NASA says astronauts Koch and Hague arrived safely at the ISS

NASA has announced that its astronauts Christina Koch and Nick Hague safely arrived at the International Space Station and have since boarded the vessel. The trip took place on Russia's Soyuz spacecraft alongside Roscosmos' Alexey Ovchinin; the vehicle launched for the ISS at 3:14PM EDT on March 14, according to NASA, which says the crew boarded the ISS late last night.

The Soyuz spacecraft, which NASA has purchased seats on for the last several years, docked with the ISS's Rassvet module at 9:01PM ET after spending six hours traveling. The spacecraft orbited four times before docking, and remained in that position until a little after 11PM, at which time the hatch was opened and the team entered the ISS.

The spacecraft's launch took place from Kazakhstan's Baikonur Cosmodrome, marking the start of NASA's Expedition 59 mission, which the space agency officially started the clock on when the vehicle docked with the ISS. The two astronauts and cosmonaut join NASA's Anne McClain, Canada's David Saint-Jacques, and Roscosmos' Oleg Kononenko.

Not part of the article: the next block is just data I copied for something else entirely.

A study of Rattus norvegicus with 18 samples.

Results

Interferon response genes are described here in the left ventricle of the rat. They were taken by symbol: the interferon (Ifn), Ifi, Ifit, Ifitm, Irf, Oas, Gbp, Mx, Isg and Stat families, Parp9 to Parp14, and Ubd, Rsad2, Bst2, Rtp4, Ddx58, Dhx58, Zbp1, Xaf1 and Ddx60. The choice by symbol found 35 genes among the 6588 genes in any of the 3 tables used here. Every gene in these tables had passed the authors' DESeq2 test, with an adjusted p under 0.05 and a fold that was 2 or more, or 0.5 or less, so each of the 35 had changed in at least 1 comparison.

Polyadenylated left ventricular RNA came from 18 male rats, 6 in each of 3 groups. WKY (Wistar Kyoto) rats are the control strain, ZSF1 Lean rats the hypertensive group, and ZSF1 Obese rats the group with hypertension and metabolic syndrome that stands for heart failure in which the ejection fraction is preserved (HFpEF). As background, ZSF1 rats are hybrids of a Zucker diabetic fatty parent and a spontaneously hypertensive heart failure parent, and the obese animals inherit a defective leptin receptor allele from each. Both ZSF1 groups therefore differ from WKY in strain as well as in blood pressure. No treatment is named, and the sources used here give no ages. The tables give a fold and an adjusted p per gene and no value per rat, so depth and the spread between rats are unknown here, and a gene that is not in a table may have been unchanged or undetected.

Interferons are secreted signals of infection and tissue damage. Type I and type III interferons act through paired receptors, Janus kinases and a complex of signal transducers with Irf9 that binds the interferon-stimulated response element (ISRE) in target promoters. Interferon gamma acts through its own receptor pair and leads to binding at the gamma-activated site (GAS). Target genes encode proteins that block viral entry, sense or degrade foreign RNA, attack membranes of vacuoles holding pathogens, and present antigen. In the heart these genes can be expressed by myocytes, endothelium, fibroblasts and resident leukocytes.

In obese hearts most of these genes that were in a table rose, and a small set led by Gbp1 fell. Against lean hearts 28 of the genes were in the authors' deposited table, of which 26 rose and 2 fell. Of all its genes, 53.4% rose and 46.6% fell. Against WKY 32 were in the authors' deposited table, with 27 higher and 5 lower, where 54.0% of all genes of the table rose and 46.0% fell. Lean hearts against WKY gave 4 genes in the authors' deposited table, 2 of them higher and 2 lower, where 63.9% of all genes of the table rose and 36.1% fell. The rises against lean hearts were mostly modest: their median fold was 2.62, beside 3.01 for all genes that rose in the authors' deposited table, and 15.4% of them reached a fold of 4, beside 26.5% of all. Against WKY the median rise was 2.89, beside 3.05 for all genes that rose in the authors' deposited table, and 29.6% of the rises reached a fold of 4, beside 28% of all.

The ISS is now home to six crew members who will spend more than half a year working on around 250 science projects, according to NASA. These investigations span multiple categories, including physical sciences, biology, technology, Earth, and even human research.

This will be one of the last trips NASA astronauts make to the ISS via Russia's Soyuz spacecraft. The space agency has sought permission to purchase seats on the vehicle through early 2020, giving the commercial companies under its crew program more time to complete their crewed spacecraft contracts.